Camping Season Is Here: Be Bear Aware
Bear activity is up this time of year, as yearling bears leave their mothers and begin roaming more in search of food sources and to establish their own territories. Bears have a keen sense of smell and can be drawn to food in campgrounds.
“The root cause of most conflicts between bears and people, especially in camping areas, is food,” says Bruce Sitko, information and education program manager in Game and Fish’s Pinetop region. “Bears can’t change their behavior, but people can. Protect yourself and protect a bear—take a few minutes to secure your food items.”
Wildlife officials say it is prudent for all outdoor recreationists to take the following precautions to minimize potential conflicts with bears and other wildlife:
- Never intentionally feed wildlife.
- Secure all garbage.
- Keep a clean camp.
- Do not cook in your tent or sleeping area.
- Store all food, toiletries and other scented items well away from sleeping areas and unavailable to bears.
- Wash up, change clothing, and remove all scented articles before retiring to your sleeping area.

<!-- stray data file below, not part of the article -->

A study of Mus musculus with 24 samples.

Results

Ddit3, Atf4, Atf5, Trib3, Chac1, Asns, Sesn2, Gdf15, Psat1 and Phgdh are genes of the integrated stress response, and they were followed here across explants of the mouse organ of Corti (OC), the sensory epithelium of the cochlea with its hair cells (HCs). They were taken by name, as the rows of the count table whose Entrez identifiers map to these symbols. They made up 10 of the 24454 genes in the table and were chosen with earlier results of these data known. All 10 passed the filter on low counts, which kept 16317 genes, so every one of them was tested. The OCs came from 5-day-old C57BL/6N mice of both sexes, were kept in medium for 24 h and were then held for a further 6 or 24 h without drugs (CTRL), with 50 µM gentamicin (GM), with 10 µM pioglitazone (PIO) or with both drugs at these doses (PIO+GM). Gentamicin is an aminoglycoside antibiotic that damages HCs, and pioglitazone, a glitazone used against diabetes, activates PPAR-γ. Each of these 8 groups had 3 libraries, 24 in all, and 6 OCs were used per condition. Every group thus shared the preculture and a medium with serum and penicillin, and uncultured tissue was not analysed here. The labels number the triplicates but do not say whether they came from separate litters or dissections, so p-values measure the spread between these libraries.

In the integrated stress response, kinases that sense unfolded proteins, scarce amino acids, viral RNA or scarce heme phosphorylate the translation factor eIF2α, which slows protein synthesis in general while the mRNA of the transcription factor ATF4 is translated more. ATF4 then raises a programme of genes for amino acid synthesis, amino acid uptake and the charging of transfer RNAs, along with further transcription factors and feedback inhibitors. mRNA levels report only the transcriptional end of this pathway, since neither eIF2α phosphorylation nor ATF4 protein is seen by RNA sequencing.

- Walk or jog in groups. Pay attention to your surroundings when hiking, jogging or bicycling.
- Supervise your children and keep them in sight.
- Keep your pets on a leash—don’t allow them to roam free. Or better yet, leave them at home if you can. Pets can easily get into conflicts with a wide range of wildlife.
If you are confronted by a black bear (the only bear species in Arizona), don’t run. Stay calm, continue facing it, and slowly back away. Try to make yourself look as big and imposing as possible. Speak or yell and let it know you are human. Make loud noises by clanging pans, using air horns, or whatever is available.
If you encounter a bear in a developed campground, notify the campground host. If you have a problem with a scavenging bear in the forest, notify the Arizona Game and Fish Department.
For more information, visit www.azgfd.gov/urbanwildlife.